September 20, 2016
On September 20, the Atlantic Council held a public plenary session on the uncertain future of the European Union (EU) at the 2016 Concordia Summit in New York City on the margins of the United Nations General Assembly. Mr. Frederick Kempe, president and CEO of the Atlantic Council, kicked off the session with remarks on the enormous strategic stake that the United States has in Europe’s future and how transatlantic alliances and values reinforce a strong and stable Europe.

Following Mr. Kempe’s remarks, Mr. Geoff Dyer, reporter of the Financial Times, moderated a conversation on the EU’s future with some of the key leaders helping to chart Europe’s course. The esteemed panelists included H.E. Kristalina Georgieva, vice-president for budget and human resources of the European Union Commission; H.E. Joseph Muscat, prime minister of the republic of Malta; and General James L. Jones, Jr., chairman of the Atlantic Council’s Brent Scowcroft Center on International Security, former national security advisor to the US president and former commander of US European Command and Supreme Allied Commander Europe.

The panelists exchanged in a frank dialogue on the challenges facing Europe while focusing on constructive solutions, avenues for progress, and optimism around European ideals. Mr. Dyer questioned the panelists on the links between the refugee and financial crises with the cross-cutting challenge of political legitimacy, particularly in light of the Brexit vote and widespread anti-establishment and populist sentiment. Vice-President Georgieva argued that the EU should have built greater ties with the United Kingdom (UK) earlier and that now, more than ever, it must focus on the values that unite the EU and the UK as the two will remain European neighbors. She asserted that the EU’s strength lies in its unified market and competitiveness, while its greatest challenge centers around a crisis of confidence rather than the headline issues of migration and economic stagnation.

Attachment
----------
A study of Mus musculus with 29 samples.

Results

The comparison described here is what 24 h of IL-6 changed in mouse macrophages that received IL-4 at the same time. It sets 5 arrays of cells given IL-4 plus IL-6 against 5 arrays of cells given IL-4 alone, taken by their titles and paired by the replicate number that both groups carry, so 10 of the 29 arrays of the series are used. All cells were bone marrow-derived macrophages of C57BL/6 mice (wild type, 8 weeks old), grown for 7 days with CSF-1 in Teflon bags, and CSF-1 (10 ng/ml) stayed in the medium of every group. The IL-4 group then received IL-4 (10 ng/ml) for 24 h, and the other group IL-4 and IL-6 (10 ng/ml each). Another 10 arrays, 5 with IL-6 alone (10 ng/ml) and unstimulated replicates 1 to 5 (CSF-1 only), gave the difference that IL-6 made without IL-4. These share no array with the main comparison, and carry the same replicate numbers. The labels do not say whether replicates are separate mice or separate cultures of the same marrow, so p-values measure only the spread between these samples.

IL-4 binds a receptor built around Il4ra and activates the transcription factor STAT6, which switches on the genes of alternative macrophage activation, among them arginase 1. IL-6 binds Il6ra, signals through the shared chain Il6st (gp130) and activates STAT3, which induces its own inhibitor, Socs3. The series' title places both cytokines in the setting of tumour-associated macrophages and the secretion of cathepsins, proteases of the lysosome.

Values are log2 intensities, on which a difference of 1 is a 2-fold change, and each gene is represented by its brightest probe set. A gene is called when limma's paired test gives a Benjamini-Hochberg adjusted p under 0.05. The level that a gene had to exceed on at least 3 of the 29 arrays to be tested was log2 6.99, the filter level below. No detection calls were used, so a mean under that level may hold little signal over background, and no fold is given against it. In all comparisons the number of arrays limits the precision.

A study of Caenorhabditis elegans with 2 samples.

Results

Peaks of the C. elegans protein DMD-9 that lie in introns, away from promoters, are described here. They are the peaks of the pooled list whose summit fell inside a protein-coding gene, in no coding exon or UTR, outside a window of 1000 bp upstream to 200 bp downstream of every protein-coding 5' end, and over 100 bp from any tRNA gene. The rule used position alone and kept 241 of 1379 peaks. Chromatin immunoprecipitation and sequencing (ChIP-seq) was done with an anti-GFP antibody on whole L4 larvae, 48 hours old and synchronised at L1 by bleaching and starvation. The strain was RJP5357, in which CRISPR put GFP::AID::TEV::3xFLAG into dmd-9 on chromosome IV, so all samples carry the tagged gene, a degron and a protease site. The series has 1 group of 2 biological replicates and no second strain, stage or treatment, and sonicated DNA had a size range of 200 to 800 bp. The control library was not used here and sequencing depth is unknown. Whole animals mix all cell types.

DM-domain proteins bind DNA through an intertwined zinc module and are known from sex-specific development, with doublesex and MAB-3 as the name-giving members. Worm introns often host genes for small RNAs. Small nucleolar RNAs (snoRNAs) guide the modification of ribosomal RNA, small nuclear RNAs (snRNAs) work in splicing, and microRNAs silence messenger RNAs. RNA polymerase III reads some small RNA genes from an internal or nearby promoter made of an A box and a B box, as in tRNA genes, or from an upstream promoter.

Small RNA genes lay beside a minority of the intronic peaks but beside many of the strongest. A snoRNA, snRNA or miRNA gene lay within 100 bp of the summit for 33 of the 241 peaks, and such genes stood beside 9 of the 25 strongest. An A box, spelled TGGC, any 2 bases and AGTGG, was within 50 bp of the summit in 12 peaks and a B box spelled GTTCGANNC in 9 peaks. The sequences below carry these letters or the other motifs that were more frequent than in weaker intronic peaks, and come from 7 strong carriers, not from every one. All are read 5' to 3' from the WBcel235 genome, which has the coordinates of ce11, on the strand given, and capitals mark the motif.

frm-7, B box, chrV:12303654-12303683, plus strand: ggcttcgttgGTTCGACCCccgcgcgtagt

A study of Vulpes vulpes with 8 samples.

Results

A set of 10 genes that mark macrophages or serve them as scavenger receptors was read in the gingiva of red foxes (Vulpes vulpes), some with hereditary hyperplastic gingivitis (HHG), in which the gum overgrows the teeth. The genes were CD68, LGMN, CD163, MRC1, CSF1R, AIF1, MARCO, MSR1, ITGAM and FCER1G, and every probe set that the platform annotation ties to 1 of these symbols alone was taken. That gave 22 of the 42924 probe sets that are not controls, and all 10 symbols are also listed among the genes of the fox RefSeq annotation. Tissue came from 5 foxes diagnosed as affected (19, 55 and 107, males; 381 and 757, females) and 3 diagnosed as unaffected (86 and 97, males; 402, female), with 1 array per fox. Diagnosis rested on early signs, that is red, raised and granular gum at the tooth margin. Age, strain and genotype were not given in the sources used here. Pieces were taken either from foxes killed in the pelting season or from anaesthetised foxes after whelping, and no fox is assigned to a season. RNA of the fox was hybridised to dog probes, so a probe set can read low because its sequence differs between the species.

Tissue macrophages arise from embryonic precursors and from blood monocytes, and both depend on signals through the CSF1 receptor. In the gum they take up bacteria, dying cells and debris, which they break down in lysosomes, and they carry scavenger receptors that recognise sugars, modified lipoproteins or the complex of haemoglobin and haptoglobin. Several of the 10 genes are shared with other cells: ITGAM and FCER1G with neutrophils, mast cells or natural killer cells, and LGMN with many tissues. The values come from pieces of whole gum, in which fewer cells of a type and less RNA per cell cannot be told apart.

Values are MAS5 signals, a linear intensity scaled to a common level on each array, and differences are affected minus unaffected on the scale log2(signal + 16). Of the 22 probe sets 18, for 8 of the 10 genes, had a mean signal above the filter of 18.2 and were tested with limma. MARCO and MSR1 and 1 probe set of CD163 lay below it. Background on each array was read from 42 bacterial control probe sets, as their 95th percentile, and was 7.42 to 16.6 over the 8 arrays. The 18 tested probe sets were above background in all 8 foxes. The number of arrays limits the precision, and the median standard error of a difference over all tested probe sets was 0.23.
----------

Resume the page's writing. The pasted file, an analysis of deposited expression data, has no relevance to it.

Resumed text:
President Muscat proposed that the UK exit need not be overly painful, but that the result needs to be inferior to EU membership. At a time of historic change across the EU, he underscored a fundamental point that Europe does not and should hold the same meaning to each member state and EU citizen. General Jones declared that Europe is the most essential alliance to the United States, and that to achieve prosperity together as a transatlantic community, it is imperative to apply the pillars of security, economic development, and governance and rule of law to threats on both sides of the Atlantic. He emphasized that United States should continue to play a proactive and engaged role in the future of Europe through the EU and NATO.